Inflammatory Bowel Disease IBD in Cats & Dogs

Inflammatory Bowel Disease ( IBD ) – Feline

This is in my Vet Notes section as more of a library entry

Inflammatory Bowel Disease is common, and I think more common in cats than dogs tbh.

Recommendations: Metronidazole, steroids, fiber diet, B12, and probiotics.

Inflammatory Bowel Disease _Feline_ Cornell University College of Veterinary Medicine

Medical Treatment
Metronidazole may be recommended along with dietary modification as the first medical therapy. Metronidazole has antibiotic, anti-inflammatory, and antiprotozoal properties, and is usually fairly well tolerated, although some cats may lose their appetite when given this drug.

If dietary modification or metronidazole are not effective, corticosteroids, which are potent anti-inflammatory and immune-suppressing agents, may be recommended, either alone or in combination with metronidazole. Cats should be monitored closely while they are on corticosteroids, as diabetes and immune suppression are among their potential side effects. Nonetheless, cats tend to tolerate these drugs well as long as they receive them at an appropriate dose.

Inflammatory Bowel Disease ( IBD ) - Feline
Inflammatory Bowel Disease ( IBD ) – Feline

Cats usually take corticosteroids orally, starting with a higher dose that is gradually reduced over several weeks. In cats that won’t take medication orally, or in cases in which vomiting is severe, your veterinarian may give the medications as an injection.

If none of these medications successfully controls the symptoms of IBD, more potent immunosuppressive drugs, such as chlorambucil or azathioprine, may be necessary. These drugs can suppress production of white blood cells, red blood cells, and, less commonly, platelets, in the bone marrow. A veterinarian must carefully monitor cats taking these drugs.

Inflammatory Bowel Disease ( IBD ) – Feline

As GI bacteria may play a role in the development of IBD, newer therapies include prebiotics, which are substances that promote certain bacterial populations, and probiotics, which are bacterial strains that promote GI health. The addition of soluble fiber, such as psyllium, to the diets of cats with inflammatory colitis may be helpful, and supplementation with folate or vitamin B12 should be provided if an affected cat is deficient in these B vitamins.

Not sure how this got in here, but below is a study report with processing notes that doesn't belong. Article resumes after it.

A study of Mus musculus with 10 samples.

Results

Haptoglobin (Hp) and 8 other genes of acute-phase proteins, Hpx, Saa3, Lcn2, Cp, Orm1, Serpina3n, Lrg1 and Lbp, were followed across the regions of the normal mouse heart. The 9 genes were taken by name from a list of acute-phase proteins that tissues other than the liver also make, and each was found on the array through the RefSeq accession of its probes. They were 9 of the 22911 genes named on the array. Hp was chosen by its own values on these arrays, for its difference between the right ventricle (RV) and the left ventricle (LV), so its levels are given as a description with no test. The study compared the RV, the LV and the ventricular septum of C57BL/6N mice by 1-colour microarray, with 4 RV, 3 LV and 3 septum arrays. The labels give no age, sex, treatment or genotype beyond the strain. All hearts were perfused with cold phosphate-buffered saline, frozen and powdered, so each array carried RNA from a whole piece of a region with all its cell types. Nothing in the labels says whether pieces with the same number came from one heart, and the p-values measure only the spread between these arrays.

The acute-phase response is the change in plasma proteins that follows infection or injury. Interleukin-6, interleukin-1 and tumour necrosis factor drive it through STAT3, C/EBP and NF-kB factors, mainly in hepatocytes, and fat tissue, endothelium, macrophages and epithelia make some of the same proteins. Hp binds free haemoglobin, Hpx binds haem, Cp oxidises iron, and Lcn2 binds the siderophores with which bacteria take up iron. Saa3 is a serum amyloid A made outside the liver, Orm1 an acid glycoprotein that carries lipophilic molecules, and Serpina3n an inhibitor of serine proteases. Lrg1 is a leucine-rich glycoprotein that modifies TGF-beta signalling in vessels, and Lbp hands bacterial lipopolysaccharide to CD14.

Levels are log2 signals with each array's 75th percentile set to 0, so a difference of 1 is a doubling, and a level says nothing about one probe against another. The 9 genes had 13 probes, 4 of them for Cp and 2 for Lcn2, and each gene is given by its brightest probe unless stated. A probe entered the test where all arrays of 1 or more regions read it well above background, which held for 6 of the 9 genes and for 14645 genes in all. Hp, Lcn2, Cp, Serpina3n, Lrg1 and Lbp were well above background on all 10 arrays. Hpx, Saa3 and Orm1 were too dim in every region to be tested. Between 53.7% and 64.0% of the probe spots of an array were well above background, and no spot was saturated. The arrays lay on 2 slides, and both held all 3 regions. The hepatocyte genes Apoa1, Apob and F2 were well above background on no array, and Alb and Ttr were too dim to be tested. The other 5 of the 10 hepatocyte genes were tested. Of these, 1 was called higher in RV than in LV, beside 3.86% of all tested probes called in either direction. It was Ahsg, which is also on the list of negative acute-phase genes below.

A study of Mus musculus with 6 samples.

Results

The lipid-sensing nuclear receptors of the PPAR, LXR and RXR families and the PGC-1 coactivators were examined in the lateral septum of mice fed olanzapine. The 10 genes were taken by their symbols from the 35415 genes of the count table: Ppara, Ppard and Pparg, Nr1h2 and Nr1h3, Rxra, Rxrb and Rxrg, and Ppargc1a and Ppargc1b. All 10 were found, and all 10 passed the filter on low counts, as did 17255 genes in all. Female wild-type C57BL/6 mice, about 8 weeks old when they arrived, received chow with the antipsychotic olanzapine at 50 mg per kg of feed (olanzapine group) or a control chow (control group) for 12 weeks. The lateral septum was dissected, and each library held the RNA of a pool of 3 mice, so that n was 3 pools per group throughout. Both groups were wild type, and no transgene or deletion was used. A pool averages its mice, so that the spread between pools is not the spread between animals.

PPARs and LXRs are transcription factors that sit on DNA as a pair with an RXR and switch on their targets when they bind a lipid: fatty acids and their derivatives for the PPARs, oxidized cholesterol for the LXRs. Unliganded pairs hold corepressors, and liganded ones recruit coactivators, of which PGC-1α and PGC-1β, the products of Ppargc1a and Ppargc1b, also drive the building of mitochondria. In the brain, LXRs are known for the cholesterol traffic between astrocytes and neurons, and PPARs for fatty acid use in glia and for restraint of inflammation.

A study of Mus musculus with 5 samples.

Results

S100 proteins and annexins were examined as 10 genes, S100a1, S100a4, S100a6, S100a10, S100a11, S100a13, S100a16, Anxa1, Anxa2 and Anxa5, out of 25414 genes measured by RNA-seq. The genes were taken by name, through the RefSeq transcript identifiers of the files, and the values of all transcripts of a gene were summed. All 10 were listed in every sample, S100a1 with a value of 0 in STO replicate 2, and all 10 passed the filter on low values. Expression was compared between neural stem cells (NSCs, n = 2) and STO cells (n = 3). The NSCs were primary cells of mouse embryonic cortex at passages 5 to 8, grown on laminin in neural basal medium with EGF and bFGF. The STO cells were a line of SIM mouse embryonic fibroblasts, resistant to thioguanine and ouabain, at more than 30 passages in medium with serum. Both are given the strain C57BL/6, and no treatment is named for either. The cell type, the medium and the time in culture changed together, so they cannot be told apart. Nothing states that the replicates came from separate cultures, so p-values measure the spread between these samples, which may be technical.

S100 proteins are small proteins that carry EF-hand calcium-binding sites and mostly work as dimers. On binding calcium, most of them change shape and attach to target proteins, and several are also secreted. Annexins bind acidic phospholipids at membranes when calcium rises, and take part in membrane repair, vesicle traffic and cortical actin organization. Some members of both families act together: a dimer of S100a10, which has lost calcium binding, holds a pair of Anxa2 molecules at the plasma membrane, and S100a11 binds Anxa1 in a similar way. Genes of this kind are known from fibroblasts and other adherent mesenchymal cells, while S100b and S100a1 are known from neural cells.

I’ve always liked Sulfasalazine for IBD in the past, wondered about its use in cats: Found this quality literature.

You have to scroll past the cut and paste Bull that the online pharmacies trot out as “fact” – which is often paraphrased by non-English speakers.


Sulfasalazine (Azulfidine) – Veterinary Partner – VIN


Sulfasalazine is considered by many veterinarians to be the preferred drug in dogs for treatment of colitis. The recommended oral dosage in dogs is 12.5 mg/kg q8h up to a maximum of one gram q8h in refractory dogs or those having severe IBD. It is important to continue initial therapy with sulfasalazine for a minimum of four weeks before modifying drug dosage. With resolution of signs, sulfasalazine dosage is gradually decreased by 25 percent at two-week intervals and eventually discontinued while maintaining the dietary management. Caution is advised in using sulfasalazine in cats because of their sensitivity to salicylates. Other oral medications of potential use in dogs include olsalazine and mesa-lamine. Olsalazine (Dipentum) consists of two molecules of mesalamine linked by an azo bond. The enteric-coated products of mesalamine (Pentasa and Asacol) release the active drug in the distal small intestine and colon, respectively. The use of olsalazine or mesalamine for treatment of IBD in dogs and cats has not been critically evaluated, but there are substantial anecdotal reports of their efficacy. The proposed dosage is about one-half that of sulfasalazine.

  • 25 – 50 mg every 12 hours = Cat dose up to 12-14 pounds.
  • Cat dose also provided at 5-10 mg/lb PO SID
  • It’s provided in 500mg tablets
  • 4 weeks to tell if it works.

Typical cat dosing:  500mg Sulfasalazine, 1/8th tablet every day. 4 weeks.




Dr Erik Johnson is a Marietta, Georgia Veterinarian with a practice in small animal medicine. He graduated from University of Georgia with his Doctorate in 1991. Dr Johnson is the author of several texts on Koi and Pond Fish Health and Disease as well as numerous articles on dog and cat health topics.